CAB anticipates busy time
ASHFORD and Tenterden Citizens Advice Bureau (CAB) is bracing itself for an increase in help requests as new laws for tenants and private landlords come into force next month.
After years of tenants having little chance if owners chose to keep all or part of their deposits, it is hoped the new laws will help protect people’s money and resolve many disputes.
Service manager Diane Downing said they, along with other charities, had campaigned for years to get deposit protection.
She said: “Arguments over how much a landlord should keep covering damage and other expenses often ended with the tenants losing out.
“Many clients have unfairly lost deposits, which has left them with nothing to put down on their next rented property, and pushed them into difficult financial circumstances.”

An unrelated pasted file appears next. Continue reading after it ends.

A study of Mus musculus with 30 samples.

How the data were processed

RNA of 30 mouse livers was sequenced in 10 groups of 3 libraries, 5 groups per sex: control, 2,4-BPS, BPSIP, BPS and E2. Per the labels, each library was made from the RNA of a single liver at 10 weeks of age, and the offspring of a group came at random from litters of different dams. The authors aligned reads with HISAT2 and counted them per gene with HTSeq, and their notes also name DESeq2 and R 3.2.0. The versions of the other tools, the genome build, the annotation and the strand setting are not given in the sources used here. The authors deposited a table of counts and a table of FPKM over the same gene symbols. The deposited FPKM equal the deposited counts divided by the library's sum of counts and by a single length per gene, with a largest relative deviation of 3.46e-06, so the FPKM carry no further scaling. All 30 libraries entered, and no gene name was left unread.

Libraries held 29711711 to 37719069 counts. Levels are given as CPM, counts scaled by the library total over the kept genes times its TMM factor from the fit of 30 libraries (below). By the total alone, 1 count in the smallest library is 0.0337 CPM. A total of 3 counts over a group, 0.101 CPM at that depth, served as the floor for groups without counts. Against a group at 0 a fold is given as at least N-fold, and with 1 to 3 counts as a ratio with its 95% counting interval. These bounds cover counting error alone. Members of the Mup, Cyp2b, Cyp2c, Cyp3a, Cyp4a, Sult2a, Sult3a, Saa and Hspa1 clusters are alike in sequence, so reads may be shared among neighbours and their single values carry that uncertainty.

She cited a recent case the CAB had dealt with. A couple moved from rented property and the owner’s agent agreed the house was left in good condition and they were told a £700 deposit would be returned.
But it was three months after they moved out before the owner made an inspection and told them he was not happy with the state of the property, would not be returning their deposit, and wanted another £1,400 for redecorating.
With the help of CAB, they took court action for the return of the deposit and loss of interest, which they won.
Under the new laws, from April 6, all landlords are required to be in a government-approved scheme with sanctions against those that do not comply.